Few times are as pressure-filled and hectic as the last few months of the calendar year. For many organizations, the last quarter of the year is the time that department managers put the final touches on internal budgets. Others sales leaders are striving to achieve their aggressive sales goals for the year. On the manufacturing floor, supervisors are navigating coverage of shifts with increasing requests for vacations and unexpected sick days. And, organizations such as retailers can see up to 80 percent of their total revenue completed in the last few months of the year—with a similar increase in customer service requests and needs.
Those who serve in HR, Talent Management and Training roles in these organizations face challenges comparable to their peers; time is limited and demands are many as the end of the year comes closer. As one training manager pointed out, “Every year we start with the illusion that the pace of things will slow, but why we continue to think that is a mystery. Those last few months are always busier than any other time of the year!”
What is worth fitting into an already-full agenda? Any activity that sets up the start of the year for your organization’s learning success. Some thoughts:
- Use available year-end information as an ad hoc mini-needs assessment. Data such as documented progress on KPIs and completed performance appraisals that have been collected over the course of the year can be useful information about existing, performance-influencing needs for development. Even a brief scan of these documents can show patterns that training efforts can affect. Yes, there are more complex ways to determine needs—and simpler ways (for example). But if you are going to be reviewing this data anyway, why not cull development needs in the process?
- Re-publish and remind employees about your organization’s development planning tools and guidelines. Often these include development planning forms and references to specific development options that build your organization’s defined leadership competencies, core values or role-specific skills. Many people are refreshed and motivated to make changes in the new year. Take advantage of this motivation by putting development plans front and center. (Don’t have any tools? Here is one you can use.)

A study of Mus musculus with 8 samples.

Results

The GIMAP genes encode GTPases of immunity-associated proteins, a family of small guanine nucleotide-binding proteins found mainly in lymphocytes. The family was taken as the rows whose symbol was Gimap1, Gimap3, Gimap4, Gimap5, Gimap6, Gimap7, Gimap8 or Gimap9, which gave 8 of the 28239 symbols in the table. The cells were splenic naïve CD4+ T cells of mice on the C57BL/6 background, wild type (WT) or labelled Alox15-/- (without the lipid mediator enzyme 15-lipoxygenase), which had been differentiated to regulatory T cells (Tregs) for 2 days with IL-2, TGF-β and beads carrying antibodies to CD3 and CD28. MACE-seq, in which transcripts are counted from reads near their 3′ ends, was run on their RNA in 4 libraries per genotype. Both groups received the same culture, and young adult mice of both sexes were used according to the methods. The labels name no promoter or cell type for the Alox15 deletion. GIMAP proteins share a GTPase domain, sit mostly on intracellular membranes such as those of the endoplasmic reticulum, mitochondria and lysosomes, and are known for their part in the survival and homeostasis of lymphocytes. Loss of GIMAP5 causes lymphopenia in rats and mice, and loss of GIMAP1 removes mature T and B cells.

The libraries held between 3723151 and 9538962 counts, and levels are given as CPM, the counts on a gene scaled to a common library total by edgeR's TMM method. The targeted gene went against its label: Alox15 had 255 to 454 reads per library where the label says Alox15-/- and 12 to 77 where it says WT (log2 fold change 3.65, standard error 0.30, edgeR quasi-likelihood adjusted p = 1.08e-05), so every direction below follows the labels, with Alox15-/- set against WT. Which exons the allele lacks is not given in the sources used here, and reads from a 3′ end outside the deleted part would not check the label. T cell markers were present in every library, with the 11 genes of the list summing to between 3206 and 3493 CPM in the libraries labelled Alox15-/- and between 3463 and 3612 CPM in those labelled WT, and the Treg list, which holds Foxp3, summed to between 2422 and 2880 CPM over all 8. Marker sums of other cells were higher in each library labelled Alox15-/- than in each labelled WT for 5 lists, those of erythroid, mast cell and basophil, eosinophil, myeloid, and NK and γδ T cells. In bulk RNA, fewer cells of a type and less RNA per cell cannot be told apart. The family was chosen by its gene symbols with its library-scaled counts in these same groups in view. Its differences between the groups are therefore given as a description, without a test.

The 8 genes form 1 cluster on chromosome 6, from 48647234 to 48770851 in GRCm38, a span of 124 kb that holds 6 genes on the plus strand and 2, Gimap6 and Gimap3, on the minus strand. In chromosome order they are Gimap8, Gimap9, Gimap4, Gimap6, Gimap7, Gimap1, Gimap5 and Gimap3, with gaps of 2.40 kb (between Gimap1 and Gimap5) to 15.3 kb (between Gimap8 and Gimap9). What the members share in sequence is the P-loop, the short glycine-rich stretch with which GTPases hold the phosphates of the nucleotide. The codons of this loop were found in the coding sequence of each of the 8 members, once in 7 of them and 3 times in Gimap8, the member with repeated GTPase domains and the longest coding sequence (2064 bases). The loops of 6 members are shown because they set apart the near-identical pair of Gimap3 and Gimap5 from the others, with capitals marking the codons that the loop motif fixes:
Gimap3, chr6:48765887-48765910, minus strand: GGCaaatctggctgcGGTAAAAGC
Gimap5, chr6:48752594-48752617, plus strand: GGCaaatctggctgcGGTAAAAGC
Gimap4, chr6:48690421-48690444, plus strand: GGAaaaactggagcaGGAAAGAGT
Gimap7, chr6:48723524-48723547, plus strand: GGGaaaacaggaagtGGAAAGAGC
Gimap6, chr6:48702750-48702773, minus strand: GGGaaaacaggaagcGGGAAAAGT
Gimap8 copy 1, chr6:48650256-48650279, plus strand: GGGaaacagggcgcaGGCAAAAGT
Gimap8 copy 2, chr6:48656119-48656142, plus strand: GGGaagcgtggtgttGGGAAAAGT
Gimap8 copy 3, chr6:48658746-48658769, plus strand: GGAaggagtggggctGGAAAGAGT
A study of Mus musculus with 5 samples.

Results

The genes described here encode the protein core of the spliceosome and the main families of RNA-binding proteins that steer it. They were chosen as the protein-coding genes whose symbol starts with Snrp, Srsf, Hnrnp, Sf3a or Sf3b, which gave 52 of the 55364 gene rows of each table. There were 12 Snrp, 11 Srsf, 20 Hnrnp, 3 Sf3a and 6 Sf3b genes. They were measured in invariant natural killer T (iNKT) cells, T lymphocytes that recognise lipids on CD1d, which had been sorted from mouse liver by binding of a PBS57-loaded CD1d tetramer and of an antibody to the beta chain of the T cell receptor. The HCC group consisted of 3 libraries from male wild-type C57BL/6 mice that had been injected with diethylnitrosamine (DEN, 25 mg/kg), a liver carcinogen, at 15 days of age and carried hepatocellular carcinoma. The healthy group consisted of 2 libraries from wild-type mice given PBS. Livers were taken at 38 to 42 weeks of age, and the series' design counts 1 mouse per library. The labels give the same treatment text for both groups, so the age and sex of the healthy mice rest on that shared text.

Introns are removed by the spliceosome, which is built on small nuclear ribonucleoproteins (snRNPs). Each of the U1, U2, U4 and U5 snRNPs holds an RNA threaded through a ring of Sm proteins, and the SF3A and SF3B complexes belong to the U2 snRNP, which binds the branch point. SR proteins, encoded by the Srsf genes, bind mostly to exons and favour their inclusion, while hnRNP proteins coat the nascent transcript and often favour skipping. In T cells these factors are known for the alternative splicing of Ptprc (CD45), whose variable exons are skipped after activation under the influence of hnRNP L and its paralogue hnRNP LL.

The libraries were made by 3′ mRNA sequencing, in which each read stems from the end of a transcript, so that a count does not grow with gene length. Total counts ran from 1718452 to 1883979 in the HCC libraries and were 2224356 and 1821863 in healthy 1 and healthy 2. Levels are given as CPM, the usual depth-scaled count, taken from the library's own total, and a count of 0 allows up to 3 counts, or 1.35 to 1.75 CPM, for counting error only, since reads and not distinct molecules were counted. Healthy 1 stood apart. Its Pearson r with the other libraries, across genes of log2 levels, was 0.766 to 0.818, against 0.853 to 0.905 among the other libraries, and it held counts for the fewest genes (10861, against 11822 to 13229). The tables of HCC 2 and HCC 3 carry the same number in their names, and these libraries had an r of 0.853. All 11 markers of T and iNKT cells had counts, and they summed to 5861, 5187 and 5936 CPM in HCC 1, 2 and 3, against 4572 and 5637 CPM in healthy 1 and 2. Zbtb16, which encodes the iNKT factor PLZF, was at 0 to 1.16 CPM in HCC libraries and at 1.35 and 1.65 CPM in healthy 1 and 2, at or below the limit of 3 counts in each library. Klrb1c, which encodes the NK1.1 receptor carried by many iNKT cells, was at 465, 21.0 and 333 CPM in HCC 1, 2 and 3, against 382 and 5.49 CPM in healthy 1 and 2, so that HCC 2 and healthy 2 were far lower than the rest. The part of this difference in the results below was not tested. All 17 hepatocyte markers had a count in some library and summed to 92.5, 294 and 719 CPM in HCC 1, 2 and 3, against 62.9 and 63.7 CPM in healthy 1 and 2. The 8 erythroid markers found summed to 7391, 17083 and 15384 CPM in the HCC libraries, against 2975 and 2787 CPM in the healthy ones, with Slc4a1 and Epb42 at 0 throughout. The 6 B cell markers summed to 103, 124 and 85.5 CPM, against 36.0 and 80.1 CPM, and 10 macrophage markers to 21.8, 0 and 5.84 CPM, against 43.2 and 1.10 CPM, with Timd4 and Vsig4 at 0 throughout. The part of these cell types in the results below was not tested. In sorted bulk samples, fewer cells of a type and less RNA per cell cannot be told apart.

- Request ten minutes on the agendas of key managers and use it to invite them and their staff to attend training in the new year. Frequently, calendars of formal development are set well before the new year starts, but enrollment can be slow to take off. A personal invitation, with callouts of programs of most relevance to managers and their teams can be just the nudge that is needed to ensure attendance rises.
Have more time?
- Prepare for and hold recommendation meetings with department managers. Share information about the closing year’s development activities (for example, who attended which programs, what results were achieved, what improvement was seen) and give recommendations for development focus in the new year.
- Conduct some much-needed development with your own HR or Training team. Sometimes surprisingly, HR and Training groups are often overlooked when it comes to team development. Run a team feedback survey (an example) and debrief the meaning with the team. Conduct a book review over a lengthened lunchtime. Host a half-day internal conference where everyone brings an item for best-practice sharing around a specific topic that will help you address an issue the department will face in the year. Whatever the method—your own team will benefit from the same attention they provide to other teams.
The year-end, like other times in the lives of HR and Training professionals, is brimming with activity. If you choose to add to your efforts, these options can prepare your organization for development in the new year.